Welcome to MSFN

Register now to gain access to all of our features. Once registered and logged in, you will be able to contribute to this site by submitting your own content or replying to existing content. You'll be able to customize your profile, receive reputation points as a reward for submitting content, while also communicating with other members via your own private inbox, plus much more! This message will be removed once you have signed in.


Sign in to follow this  
Followers 0
buletov

FAT12 format tool needed

9 posts in this topic

Hi, i tried a lot of googling for this but not manged to succeed.

Does anyone know ANY universal format tool?

(I need it to format a 128MB USB stick with FAT12)

0

Share this post


Link to post
Share on other sites

mine also works with fat12 but when u install the driver it also installs a small program for it

i've creative muvo 128mb.

0

Share this post


Link to post
Share on other sites

Won't PartitionMagic do it?

0

Share this post


Link to post
Share on other sites

Actually you need to FDISK the drive as FAT12 Before FORMATTING IT.

http://fdisk.radified.com/

http://www.23cc.com/free-fdisk/index.htm

You might want to try these tools:

www.ranish.com/part

http://www.zeleps.com/

http://diskman.dyndns.org/

http://www.ibiblio.org/pub/micro/pc-stuff/...rmat/format.lsm

This page is an interesting overview/comparison of FAT12 vs. FAT16

http://www.pscience5.net/CompactFlash.htm

jaclaz

0

Share this post


Link to post
Share on other sites

jaclaz, are fdisk and ranish able to see the USB mem stick? :blink:

@00buck

I doubt that CMD windows can in anyway access the mem-stick, and even if they did, format.exe *CANNOT* do FAT12.

0

Share this post


Link to post
Share on other sites
fdisk and ranish able to see the USB mem stick?

Not directly of course.

You must make a dos/win9x floppy or installation with USB support.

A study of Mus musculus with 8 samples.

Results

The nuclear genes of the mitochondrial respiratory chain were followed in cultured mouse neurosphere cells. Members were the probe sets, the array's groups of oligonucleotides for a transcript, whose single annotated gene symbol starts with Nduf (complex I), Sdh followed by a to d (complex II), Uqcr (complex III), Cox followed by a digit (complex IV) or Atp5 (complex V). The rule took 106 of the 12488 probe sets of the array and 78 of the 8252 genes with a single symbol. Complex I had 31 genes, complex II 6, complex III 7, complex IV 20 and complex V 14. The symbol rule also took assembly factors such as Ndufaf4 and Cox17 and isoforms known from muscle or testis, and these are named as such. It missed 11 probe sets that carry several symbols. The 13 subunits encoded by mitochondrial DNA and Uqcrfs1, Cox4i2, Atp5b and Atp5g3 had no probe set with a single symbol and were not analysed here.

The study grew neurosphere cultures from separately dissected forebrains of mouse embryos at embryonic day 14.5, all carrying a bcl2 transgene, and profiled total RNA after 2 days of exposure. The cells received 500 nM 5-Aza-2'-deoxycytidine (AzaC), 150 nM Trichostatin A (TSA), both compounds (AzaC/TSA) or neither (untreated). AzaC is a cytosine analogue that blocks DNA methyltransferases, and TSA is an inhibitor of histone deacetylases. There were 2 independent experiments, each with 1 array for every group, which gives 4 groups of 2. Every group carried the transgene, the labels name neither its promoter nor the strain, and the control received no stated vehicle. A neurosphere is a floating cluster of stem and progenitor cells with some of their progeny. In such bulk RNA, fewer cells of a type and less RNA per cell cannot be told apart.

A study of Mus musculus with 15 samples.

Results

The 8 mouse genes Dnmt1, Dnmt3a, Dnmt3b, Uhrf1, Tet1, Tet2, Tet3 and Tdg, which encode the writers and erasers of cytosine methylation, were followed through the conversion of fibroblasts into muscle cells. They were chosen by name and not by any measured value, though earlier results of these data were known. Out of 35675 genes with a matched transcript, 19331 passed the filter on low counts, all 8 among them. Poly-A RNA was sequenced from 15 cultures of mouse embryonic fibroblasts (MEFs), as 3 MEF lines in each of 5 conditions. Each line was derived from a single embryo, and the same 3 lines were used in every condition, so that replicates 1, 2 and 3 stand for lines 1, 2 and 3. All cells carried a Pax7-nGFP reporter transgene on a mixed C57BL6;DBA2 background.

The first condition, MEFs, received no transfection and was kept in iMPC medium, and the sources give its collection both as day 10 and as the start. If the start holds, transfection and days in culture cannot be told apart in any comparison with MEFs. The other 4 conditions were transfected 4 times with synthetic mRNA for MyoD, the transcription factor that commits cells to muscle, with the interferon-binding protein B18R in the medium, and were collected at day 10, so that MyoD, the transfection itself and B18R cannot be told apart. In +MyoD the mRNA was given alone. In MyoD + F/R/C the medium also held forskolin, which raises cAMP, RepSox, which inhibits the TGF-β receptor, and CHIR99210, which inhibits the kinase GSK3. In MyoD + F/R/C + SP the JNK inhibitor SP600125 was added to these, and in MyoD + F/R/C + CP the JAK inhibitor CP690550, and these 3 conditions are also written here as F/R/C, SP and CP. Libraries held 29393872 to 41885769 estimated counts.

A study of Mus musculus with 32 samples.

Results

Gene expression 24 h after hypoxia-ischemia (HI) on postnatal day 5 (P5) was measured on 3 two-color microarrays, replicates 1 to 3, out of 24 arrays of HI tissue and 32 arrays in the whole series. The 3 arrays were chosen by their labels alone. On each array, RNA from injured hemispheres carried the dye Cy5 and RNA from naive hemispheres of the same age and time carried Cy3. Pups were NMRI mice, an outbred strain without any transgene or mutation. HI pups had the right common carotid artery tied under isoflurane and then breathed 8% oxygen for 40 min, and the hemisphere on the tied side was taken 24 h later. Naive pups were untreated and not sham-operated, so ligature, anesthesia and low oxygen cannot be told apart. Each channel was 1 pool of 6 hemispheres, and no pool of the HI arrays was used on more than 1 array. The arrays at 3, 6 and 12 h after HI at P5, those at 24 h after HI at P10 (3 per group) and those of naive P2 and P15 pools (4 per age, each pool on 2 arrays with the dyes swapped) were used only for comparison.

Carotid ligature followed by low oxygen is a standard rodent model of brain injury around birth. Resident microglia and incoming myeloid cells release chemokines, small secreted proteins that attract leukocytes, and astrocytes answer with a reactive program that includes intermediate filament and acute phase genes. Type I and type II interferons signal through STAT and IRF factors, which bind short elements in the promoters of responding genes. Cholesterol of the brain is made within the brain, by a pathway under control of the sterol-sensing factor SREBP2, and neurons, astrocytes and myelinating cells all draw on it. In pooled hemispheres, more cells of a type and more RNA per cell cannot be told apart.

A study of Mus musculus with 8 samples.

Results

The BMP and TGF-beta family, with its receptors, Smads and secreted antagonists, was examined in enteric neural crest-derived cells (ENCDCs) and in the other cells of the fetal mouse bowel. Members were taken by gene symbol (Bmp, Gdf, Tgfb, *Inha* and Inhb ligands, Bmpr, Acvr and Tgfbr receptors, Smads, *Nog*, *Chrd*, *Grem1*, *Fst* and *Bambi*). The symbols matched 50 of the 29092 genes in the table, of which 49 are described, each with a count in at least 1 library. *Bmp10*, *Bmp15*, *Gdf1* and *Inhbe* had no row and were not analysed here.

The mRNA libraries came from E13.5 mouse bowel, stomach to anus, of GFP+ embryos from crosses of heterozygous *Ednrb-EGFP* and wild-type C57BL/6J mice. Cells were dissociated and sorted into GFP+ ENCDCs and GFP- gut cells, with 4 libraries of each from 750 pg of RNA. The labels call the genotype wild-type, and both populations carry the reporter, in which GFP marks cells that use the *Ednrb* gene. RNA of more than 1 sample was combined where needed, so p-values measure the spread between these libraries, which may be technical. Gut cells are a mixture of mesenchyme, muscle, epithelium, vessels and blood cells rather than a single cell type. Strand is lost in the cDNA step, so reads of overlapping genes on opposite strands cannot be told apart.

Even then, not ALL computers (due to the poor implementation of the USB standard in some bios) can access it properly.

Here are some possible resources:

http://www.theinquirer.net/?article=10215

http://www.stefan2000.com/darkehorse/PC/DOS/Drivers/USB/

http://www.datoptic.com/Drivers/DAT.exe

The "Moto Hairu" Panasonic driver di1000dd.sys is reported to be working:

http://www.computing.net/dos/wwwboard/forum/15210.html

Another "possible" approach would be to create an empty "RAW" virtual drive file formatted as FAT12, then DD it to the stick.

Finally one could try to use the DOS 3.3 format utility, which had only FAT12 support, if I recall correctly.

jaclaz

0

Share this post


Link to post
Share on other sites

UPDATE:

This "could" work:

http://www.mager.org/mkdosfs/

it is a WinNT port of linux command mkdosfs:

NAME

    mkdosfs - create an MS-DOS file system under Linux

SYNOPSIS

    mkdosfs  [  -A ][ -b sector-of-backup ] [ -c ] [ -l file-

    name ] [ -C ] [ -f number-of-FATs ] [ -F FAT-size ]  [  -i

    volume-id  ] [ -I ] [ -m message-file ] [ -n volume-name ]

    [ -r root-dir-entries ] [ -R number-of-reserved-sectors  ]

    [ -s sectors-per-cluster ] [ -S logical-sector-size ] [ -v

    ] device [ block-count ]

DESCRIPTION

    mkdosfs is used to create  an  MS-DOS  file  system  under

    Linux  on  a device (usually a disk partition).  device is

    the  special  file  corresponding  to  the device (e.g

    /dev/hdXX). block-count  is  the number of blocks on the

    device.  If omitted, mkdosfs automatically determiness the

    file system size.

....

    -F FAT-size

              Specifies the type of file allocation  tables  used

              (12,  16  or  32  bit). If  nothing is specified,

              mkdosfs will automatically select between 12 and 16

              bit,  whatever fits better for the filesystem size.

              32 bit FAT (FAT32 format) must (still) be  selected

              explicitly if you want it.

jaclaz

0

Share this post


Link to post
Share on other sites

Create an account or sign in to comment

You need to be a member in order to leave a comment

Create an account

Sign up for a new account in our community. It's easy!


Register a new account

Sign in

Already have an account? Sign in here.


Sign In Now
Sign in to follow this  
Followers 0

  • Recently Browsing   0 members

    No registered users viewing this page.